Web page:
I think it's safe to say that when most people think about international development, they don't consider people with disabilities to be a very important factor. But, given that approximately 10% of the world's population experiences some type of disability, and that people with disabilities are most often among the poorest of poor, it becomes clear that international development agendas simply cannot afford to leave out people with disabilities.
Goals of international development--to alleviate poverty, to foster political and economic stability, to improve public health, etc.--are related to disability in many different ways. The first goal of alleviating poverty is the one that I will discuss here. Alleviating poverty means targetting the causes that lead to impoverishment, and disability is one of those causes. Disabling injuries, such as the loss of a limb or major function (like sight or hearing), that result from unsafe working environments or violent conflict, can render a person unable to compete in markets that rely principally on physical labor (like the markets of many developing countries). Moreover, congenital and childhood conditions that lead to life-long disabilities, such as polio, muscular dystrophy, spinabifida, severe malnutrition, and disease, severely limit the opportunities of children--and their families--who experience them.
Yet, the occurence of disability is not, in any way, a hopeless condition. Innovative development programs can be capable of reversing or neutralizing the most damaging effects of disability. Consider, for example, how a good prosthetic limb could compensate for the loss of an actual limb of a landmine victim. Or, consider how early treatment of spinabifida (a condition in which a child is born with a curved spine that can affect her ability to walk, move, and be active) with simple orthotic braces could improve a child's life, present and future. Effective treatments for disabling conditions, either acquired later in life or life-long, have already been in use in developed countries for at least the past three decades. My question is, if advanced technologies like manufacturing equipment, can be given to and successfully absorbed by developing countries for their own use and benefit, then why not treatments for disabilities, as well?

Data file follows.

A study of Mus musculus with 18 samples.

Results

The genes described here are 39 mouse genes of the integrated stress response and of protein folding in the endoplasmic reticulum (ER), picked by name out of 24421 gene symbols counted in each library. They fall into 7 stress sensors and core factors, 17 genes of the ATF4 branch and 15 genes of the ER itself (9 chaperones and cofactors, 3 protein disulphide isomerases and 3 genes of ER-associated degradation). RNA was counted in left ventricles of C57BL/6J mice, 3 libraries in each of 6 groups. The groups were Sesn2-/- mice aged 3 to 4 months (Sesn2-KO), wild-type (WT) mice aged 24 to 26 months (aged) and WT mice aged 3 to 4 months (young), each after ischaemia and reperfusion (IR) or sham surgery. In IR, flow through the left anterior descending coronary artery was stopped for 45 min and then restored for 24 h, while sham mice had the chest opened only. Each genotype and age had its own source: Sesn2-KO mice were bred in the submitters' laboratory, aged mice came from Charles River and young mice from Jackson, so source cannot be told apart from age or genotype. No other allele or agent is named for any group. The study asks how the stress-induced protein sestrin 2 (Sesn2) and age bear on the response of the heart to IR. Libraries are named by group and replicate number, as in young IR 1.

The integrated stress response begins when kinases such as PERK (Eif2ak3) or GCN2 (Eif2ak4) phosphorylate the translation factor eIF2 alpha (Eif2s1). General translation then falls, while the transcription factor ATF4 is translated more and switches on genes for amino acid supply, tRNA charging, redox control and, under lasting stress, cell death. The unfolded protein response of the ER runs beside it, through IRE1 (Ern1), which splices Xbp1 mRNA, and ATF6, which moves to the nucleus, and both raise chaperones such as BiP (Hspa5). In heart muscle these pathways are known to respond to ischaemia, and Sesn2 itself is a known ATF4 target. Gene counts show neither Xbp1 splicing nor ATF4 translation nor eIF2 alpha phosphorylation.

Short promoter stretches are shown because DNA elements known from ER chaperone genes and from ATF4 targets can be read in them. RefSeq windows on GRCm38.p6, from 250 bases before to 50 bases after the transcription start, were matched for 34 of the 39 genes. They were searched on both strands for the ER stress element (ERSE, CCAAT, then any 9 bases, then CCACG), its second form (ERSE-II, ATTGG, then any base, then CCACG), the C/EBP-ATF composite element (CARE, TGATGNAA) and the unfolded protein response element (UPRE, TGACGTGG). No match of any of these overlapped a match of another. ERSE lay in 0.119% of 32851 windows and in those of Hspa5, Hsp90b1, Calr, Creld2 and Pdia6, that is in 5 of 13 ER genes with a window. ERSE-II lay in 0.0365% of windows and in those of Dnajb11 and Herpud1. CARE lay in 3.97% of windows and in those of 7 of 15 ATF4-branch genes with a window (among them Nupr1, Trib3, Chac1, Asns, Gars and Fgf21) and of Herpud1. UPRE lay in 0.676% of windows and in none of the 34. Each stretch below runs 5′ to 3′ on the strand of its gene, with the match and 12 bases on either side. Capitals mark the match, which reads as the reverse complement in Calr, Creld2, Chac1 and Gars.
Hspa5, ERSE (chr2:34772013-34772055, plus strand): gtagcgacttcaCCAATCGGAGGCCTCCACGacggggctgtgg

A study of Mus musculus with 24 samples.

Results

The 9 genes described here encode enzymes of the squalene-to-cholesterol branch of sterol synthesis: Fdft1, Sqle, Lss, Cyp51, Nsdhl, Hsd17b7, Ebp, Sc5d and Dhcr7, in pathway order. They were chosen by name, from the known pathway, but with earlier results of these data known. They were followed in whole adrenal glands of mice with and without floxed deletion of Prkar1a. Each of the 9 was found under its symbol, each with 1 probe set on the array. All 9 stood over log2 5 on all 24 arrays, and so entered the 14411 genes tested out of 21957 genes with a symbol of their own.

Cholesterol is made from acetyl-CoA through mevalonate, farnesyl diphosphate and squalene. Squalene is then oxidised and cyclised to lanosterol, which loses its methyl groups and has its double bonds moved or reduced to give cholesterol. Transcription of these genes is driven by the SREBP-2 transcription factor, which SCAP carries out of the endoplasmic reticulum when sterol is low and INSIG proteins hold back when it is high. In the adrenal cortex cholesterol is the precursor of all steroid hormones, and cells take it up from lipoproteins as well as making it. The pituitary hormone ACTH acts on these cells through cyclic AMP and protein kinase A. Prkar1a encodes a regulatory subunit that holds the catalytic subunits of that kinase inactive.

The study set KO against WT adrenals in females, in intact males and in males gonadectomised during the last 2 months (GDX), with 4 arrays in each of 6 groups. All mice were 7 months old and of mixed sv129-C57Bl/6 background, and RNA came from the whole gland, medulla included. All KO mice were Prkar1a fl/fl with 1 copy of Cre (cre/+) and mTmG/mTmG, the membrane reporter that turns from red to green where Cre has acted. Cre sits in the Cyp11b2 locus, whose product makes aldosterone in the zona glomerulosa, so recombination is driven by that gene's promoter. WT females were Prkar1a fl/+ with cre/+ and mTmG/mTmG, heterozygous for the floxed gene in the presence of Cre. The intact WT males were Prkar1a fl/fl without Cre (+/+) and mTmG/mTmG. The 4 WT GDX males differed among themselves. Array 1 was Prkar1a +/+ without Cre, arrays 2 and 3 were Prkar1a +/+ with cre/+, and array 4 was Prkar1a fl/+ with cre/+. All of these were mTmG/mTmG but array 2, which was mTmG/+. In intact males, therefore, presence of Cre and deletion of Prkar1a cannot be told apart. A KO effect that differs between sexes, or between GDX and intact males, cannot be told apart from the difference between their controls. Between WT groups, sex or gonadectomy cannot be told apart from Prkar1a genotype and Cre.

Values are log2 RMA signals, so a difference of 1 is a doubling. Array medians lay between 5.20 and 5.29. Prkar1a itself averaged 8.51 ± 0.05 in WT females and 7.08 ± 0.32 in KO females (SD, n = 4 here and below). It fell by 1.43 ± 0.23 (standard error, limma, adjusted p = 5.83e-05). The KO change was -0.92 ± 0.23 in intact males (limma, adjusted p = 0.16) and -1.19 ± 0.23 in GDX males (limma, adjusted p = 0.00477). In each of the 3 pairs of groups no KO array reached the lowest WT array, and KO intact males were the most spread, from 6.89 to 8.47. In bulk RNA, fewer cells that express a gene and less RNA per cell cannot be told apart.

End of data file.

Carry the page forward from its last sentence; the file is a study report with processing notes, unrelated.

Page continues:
Some innovative projects have already experimented with producing cheap, effective supports for disabiling conditions in developing countries. The results have generally been successful: people with disabilities, who were previously relegated to a life of poverty, were able to work, to support themselves and their families, with the assistance of relatively simple orthotic devices, assistive technology, prosthetics, and basic treatments. To find out more about international efforts that have made a difference, check out these sites:
Rehabilitation International http://www.riglobal.org/index.html
Mobility International http://www.miusa.org/idd
Global Partnership for Disability and Development http://gpdd-online.org/index.php
The point I would like to conclude with is this: by investing in the capacities of people with disabilities, international development agendas can have powerful transformative effects. Disability is not (nor ever should be) equal to a veritable death sentence, and people with disabilities have the ability and the right to be incorporated into all international development programs.